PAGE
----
The New York Jets are currently in the driver’s seat for the first overall pick in the 2021 NFL draft, which means they’re the front-runner for Clemson quarterback, Trevor Lawrence. And while this is great news for Jets fans who are hungry for a franchise-changing quarterback, it was just three years ago that they thought they drafted that guy in former USC standout, Sam Darnold.
Now three years into an underwhelming career, New York appears ready to move on from Darnold, who they spent the third pick in the 2018 draft to select. Darnold’s started 34 games for the Jets and has a career completion percentage below 60%. He’s thrown 41 touchdowns to 37 interceptions and has lost twice as many games as he’s won.
It’s time to move on.
What the Jets can’t do, however, is keep Darnold around in 2021 to serve as Lawrence’s backup. For as disappointing as Darnold’s been, he’d still be a distraction and could cause a rift in the event Lawrence struggles (as most rookies do) early in his career. Trading Darnold makes sense, but there has to be a trade partner willing to roll the dice on Darnold’s second act.
According to ESPN NFL draft expert, Mel Kiper, Jr., there are a handful of teams that could have interest in Darnold, assuming the price is right.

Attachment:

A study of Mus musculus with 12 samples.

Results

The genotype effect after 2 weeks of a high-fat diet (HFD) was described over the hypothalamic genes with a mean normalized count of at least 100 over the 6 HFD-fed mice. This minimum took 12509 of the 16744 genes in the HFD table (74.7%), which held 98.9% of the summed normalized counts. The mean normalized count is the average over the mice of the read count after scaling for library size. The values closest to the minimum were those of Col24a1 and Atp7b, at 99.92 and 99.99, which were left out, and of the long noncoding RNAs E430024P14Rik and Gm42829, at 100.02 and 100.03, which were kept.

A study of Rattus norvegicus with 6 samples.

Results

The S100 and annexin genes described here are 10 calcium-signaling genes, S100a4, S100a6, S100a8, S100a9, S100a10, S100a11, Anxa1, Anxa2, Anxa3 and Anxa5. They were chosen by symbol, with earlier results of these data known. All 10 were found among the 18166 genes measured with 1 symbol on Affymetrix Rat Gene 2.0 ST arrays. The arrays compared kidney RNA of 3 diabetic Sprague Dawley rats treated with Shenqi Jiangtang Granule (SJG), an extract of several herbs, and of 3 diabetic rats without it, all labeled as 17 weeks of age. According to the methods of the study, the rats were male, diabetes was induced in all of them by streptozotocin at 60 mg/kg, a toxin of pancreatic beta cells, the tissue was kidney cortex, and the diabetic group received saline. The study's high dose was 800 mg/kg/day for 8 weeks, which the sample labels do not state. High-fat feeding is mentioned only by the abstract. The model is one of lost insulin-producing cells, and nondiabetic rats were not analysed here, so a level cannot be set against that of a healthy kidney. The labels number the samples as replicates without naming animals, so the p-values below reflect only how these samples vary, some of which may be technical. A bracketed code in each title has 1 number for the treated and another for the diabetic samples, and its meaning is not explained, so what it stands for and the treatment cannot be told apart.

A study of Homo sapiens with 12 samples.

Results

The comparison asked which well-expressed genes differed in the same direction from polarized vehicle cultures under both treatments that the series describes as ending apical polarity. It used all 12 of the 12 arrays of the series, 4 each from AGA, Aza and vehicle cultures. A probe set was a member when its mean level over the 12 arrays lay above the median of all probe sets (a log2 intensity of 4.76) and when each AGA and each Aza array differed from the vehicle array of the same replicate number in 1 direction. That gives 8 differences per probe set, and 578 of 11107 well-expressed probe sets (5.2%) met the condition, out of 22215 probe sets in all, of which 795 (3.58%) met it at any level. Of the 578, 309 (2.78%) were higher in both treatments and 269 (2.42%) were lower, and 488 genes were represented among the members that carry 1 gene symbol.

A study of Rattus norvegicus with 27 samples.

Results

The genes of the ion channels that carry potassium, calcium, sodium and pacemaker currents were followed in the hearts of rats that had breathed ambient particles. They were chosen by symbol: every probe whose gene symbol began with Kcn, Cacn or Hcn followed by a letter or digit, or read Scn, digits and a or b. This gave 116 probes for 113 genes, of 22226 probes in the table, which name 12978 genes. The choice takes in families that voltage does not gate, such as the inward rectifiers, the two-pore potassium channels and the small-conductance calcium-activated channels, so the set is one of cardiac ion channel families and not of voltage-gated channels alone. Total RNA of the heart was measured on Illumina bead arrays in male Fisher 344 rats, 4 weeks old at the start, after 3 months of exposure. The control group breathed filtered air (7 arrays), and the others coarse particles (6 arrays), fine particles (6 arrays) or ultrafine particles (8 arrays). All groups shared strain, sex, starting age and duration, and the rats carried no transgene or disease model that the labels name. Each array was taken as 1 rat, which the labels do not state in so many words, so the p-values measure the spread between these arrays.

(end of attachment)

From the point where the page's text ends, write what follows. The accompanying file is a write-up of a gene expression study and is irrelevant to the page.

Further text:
“Teams with veteran quarterbacks — New Orleans, Pittsburgh, Tampa Bay and San Francisco come to mind — could make sense as trade partners,” Kiper wrote on Wednesday.
As for the kind of compensation the Jets could get for Darnold? Kiper thinks a deal similar to what the Arizona Cardinals received for Josh Rosen in 2019 — a second- and fifth-round pick — is reasonable.
This all hinges on the Jets remaining the worst team in the NFL and landing one of the top two picks. Ohio State’s Justin Fields should be the second overall pick, and according to Kiper, would make sense for New York too. But if the Jets fall to the third pick or later? Darnold could be back.
“I think I’d rather have a 23-year-old Darnold right now than Trey Lance (North Dakota State) or Zach Wilson (BYU) in this class,” Kiper wrote. “I believe in his talent.”